The Gran Grasso massif here offers a continuous barrier that can only be crossed from one side to the other by few passes (“vado” means pass), which have been used since time immemorial by animals and humans alike. The “road” that goes up from Casale San Nicola to Vado di Corno, for example, was one of very few communication routes between the Valle Siciliana to the east and the Valle Aterno to the west. Here traders, pilgrims and shepherds with their flocks passed for centuries, as shown by how the path is dug out in the rock in some places, and is generally wide and easy.
There may be some confusion about the Geological path (“sentiero Geologico”). This was opened in 1987 by the Club Alpino Italia (section CAI Teramo) and went from Fonte Nera to Vado di Corno through the Valle dell’Inferno, passing through rock walls fitted with iron chains. As it turned out to be too dangerous in the lower part, this route was abandoned, however, and no longer maintained.
Today the “Geological path” refers to the classic route leading from Casale San Nicola to Vado di Corno. The lower part of this route is marked with painted signs, whereas the upper part -from the rifugio Nino D’Arcangelo up to Monte Aquila- follows the traces of the old path, with faded yellow-red marks and a steep section fitted with chains and steel cables.
Although the old trail has not officially been maintained, small improvements have been made and one chain section has been replaced. But beware that the anchors are still from 1987 and cannot guarantee your safety!
Total ascent/descent: about 1500 m.
Walking time: 6-8 hours
Distance: about 18 km. (20 km. when starting from Casale)
Signs: white-red signs on the road, yellow-red signs uphill, and white-red signs downhill from the summit of Monte Aquila to Vado di Corno
At Casale San Nicola (842 m.), right under the motorway pylon, turn left to take the road going south, which soon becomes unpaved. Continue straight on ignoring any junctions. After passing an old concrete volleyball court, the road becomes a little more rugged. It leads through a wood and after a few narrow bends it enters the valley. Pass the junction for Fonte Nera and park your car a little further on, near a small building with an information panel, just before the ENEL waterworks (2.5 km. from the village).
From the ENEL information panel (at about 1060 m.), continue on the unpaved road until you pass the stream of the Valle dell’Inferno right under the waterworks. After about 1 km. the road goes down and makes two hairpin bends; at the first bend, take a clear, signposted path on your right, with concrete steps leading down to the stream. After crossing the stream (1089 m), continue along a small concrete canal until you reach a track that clearly goes up. At about 1250 m., leave the track and take the path that climbs up to the right and takes you up on a ridge.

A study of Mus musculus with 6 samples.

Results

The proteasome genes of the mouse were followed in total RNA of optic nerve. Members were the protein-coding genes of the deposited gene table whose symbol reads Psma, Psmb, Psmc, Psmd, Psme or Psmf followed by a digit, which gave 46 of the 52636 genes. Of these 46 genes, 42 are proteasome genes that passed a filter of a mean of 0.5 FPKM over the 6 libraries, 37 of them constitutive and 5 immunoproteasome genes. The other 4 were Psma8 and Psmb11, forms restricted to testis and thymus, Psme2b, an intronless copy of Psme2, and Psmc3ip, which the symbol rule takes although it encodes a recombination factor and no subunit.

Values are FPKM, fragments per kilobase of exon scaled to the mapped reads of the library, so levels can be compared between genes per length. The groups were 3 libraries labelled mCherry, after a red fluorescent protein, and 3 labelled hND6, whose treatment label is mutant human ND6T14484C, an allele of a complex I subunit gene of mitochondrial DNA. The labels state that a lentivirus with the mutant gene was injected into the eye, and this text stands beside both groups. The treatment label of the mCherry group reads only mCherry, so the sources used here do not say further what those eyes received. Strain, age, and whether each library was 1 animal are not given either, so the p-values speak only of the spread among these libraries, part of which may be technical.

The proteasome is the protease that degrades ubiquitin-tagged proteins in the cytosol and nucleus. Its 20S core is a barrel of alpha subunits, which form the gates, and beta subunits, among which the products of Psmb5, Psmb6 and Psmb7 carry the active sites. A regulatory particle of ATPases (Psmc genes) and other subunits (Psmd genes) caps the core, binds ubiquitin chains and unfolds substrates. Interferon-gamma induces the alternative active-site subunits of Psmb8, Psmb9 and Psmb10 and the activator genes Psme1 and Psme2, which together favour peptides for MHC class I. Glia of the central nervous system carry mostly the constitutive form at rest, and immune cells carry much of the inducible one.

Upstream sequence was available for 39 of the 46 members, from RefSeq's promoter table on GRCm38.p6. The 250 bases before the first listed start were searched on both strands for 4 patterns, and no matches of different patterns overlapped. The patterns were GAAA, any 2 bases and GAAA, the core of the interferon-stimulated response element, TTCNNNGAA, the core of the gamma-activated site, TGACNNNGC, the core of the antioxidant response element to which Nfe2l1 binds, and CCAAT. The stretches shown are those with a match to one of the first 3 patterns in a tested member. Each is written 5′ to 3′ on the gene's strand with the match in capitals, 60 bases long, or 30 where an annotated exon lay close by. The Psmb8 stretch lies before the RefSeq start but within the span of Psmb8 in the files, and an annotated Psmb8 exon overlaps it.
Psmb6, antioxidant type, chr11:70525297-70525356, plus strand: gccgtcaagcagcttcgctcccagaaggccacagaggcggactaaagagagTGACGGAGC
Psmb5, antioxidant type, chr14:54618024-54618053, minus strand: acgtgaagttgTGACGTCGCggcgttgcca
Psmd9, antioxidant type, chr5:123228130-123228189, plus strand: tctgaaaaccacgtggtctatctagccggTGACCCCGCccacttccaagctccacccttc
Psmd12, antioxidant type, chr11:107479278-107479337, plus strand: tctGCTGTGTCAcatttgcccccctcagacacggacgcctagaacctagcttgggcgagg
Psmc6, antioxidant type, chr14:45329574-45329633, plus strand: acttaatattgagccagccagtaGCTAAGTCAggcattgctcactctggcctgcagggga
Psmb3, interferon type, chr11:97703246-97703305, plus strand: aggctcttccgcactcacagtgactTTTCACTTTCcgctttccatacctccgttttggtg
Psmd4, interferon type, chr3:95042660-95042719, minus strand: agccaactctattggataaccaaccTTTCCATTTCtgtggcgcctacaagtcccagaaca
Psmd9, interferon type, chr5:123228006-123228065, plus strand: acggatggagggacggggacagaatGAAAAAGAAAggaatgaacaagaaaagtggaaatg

Follow the path to the end and enter the wood. Then you start climbing up by numerous zig-zags until you come out onto the meadows, at a saddle with a junction (1673 m.). Here you follow the path on the right, which goes slightly downhill to re-enter the valley. After crossing a canal, you reach the rifugio Nino d’Arcangelo (closed, 1655 m. – 1 hour and 45 min.).
From the rifugio, follow the road for a short distance, until you reach a hairpin bend to the left. Here you leave the road and follow a path with faded yellow-red signs that climbs to the right, up to the saddle with a great view of the Valle dell’Inferno below. The track takes you gently down to the bottom of the valley, where you go up again on the other side to arrive under a rock face with a fitted chain (1900 m.). Use the chain to climb up the first steep section, then use your hands for the next 5 meters, then another chain and finally a steel cable.
Now you will find yourself at the bottom of a long and steep grassy slope. There is no track and the terrain is difficult, just go straight up, aiming to the right of the large obelisk rock that dominates this part of the valley. Climb up the slope, passing some shepherds’ huts, to reach a saddle at the foot of a rock face. To get up to the crest, follow the track, keeping slightly to the left where you need to climb up a steep canal (1st-degree passage).
From here on, the slope becomes less steep and you can easily reach the summit (2494 m. – 4 hours).